Iran Claims Successful Suborbital Launch of Monkey, But U.S. Cannot Confirm
Iran revealed today that it successfully sent a monkey into space on a suborbital flight and retrieved it alive as a first step in sending humans into space. The U.S. State Department, however, said it could not confirm that a launch took place or that a monkey was aboard.
The Fars News Agency reported today that the Defense Ministry's Aerospace Industries Association sent a monkey in a biocapsule aboard a Pishgam (Pioneer) rocket. The rocket reached 120 kilometers in altitude before returning to Earth. The monkey was "safe and sound" according to Fars. The Washington Post published this photo of the monkey apparently taken before its flight.
Source: Washington Post
U.S. State Department spokeswoman Victoria Nuland was asked at her daily press briefing today if she could confirm the launch. She replied that she had seen the pictures of "the poor little monkey preparing to go to space ... but we don't have any way to confirm this one way or the other with regard to the primate." She later added she could not confirm either the launch or what might have been aboard. She stated that any Iranian space launch vehicle capable of placing something in orbit would violate U.N. Security Council resolution 1929, adopted in 2010, that prohibits Iran from developing ballistic missile technology. (This launch was not to orbit, however.)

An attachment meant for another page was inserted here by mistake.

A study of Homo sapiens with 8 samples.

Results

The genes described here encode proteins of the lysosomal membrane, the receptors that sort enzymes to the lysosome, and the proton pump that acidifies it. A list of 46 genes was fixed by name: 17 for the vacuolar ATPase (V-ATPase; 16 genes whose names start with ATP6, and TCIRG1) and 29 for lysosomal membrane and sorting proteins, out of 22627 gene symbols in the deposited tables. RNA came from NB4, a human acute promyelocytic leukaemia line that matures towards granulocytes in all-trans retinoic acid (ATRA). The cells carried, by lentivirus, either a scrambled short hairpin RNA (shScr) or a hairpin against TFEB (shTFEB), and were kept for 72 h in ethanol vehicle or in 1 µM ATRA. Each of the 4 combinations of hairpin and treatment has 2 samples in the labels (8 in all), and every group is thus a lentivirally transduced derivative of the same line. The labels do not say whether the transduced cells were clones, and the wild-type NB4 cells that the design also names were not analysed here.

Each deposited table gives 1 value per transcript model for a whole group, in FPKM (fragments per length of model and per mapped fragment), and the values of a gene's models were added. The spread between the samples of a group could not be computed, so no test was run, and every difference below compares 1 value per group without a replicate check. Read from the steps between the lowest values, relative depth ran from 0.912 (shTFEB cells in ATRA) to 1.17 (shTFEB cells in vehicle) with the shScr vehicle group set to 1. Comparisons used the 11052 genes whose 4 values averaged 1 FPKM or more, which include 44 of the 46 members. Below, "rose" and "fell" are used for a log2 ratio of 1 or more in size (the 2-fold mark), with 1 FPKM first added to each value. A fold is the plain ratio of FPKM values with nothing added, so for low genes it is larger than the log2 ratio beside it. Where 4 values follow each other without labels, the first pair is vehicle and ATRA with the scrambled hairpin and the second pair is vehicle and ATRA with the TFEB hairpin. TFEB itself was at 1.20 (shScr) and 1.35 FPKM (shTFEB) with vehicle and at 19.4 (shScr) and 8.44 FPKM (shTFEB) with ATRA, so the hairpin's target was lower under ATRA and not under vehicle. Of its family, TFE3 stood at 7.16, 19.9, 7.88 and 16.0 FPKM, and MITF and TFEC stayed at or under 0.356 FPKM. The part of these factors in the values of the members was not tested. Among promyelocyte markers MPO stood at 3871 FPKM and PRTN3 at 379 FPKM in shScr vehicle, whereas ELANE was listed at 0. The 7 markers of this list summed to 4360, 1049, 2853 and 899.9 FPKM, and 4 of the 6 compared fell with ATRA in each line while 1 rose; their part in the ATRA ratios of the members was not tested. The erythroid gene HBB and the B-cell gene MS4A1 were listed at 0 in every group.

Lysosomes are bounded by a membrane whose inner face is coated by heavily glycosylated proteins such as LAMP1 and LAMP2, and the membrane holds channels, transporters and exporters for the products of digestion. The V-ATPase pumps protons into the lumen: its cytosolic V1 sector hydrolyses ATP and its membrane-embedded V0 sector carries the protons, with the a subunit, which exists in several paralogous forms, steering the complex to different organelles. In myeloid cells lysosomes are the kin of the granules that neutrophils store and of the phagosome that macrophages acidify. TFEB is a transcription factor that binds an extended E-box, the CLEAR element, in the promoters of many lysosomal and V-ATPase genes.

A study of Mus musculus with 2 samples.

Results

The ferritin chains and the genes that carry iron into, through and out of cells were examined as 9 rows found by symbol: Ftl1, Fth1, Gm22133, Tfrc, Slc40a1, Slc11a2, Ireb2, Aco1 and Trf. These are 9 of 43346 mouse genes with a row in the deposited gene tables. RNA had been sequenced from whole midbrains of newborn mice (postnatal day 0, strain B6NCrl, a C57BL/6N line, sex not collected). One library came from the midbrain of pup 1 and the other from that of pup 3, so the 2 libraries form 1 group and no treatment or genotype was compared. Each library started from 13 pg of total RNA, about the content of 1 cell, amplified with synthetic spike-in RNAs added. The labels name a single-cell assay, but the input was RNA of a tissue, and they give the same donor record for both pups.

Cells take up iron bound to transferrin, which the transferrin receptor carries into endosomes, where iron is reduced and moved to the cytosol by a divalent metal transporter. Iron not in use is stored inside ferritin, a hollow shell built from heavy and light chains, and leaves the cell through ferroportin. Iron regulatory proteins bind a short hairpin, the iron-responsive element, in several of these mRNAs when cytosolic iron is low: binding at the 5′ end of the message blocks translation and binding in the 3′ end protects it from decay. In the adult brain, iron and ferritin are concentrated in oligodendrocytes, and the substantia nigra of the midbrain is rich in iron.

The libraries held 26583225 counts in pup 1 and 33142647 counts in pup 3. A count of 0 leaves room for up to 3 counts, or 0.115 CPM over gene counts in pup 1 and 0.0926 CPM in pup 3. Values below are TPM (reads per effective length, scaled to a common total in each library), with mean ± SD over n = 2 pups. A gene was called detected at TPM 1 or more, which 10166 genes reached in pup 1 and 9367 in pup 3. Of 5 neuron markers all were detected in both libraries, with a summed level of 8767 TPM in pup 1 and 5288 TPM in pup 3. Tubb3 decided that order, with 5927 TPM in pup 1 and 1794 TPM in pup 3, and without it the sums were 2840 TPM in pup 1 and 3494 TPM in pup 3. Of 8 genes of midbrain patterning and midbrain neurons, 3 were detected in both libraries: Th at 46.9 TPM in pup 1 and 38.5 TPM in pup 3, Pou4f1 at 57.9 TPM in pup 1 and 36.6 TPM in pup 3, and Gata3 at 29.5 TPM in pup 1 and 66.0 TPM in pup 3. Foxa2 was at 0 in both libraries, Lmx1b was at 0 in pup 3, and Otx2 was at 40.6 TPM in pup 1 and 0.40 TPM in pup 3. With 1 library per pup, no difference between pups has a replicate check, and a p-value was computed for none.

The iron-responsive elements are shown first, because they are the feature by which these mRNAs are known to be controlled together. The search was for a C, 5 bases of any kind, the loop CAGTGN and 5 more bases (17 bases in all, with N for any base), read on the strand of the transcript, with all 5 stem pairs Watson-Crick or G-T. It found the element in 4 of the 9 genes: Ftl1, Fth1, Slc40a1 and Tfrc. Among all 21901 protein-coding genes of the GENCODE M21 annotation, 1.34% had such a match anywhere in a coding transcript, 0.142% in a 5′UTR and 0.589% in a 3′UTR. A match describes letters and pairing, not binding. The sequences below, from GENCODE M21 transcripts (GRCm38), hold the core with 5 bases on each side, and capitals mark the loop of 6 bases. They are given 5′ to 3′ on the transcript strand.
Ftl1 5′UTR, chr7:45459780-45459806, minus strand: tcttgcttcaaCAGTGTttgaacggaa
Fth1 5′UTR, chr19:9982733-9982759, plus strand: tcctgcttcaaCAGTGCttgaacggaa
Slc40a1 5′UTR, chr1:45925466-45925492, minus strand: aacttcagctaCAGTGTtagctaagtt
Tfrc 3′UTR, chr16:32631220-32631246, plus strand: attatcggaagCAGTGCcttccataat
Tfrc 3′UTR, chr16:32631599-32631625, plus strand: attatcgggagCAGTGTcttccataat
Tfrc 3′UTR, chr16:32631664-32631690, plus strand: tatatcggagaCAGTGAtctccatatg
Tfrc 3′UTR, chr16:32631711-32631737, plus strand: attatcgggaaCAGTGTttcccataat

Iran placed its first satellite, Omid, in orbit in 2009. It reentered after three months. Iran sent a rat, turtles and worms on a suborbital flight in 2010 on its Kavoshgar-3 (Explorer-3) rocket. In March 2011, Iran's Space Agency launched a test of the biocapsule on Kavoshgar-4. In the fall of 2012, an attempt to launch a monkey reportedly failed. The UK's The Telegraph quoted an Iranian official as saying the launch of Kavoshgar-5 took place between August 23 and September 22, "but was not publicised [sic] because all of its anticipated objectives were not accomplished."
Iran's leaders have made clear that launching monkeys is the first step towards sending humans into space. Initial plans were to launch astronauts in 2024, but Fars said today that a subsequent decision accelerated that date by five years and the goal is now 2019.
Launching monkeys and other animals as precursors to human spaceflight is routine. Jonathan McDowell of Jonathan's Space Report has a handy list of all non-human animals who have make suborbital or orbital flights.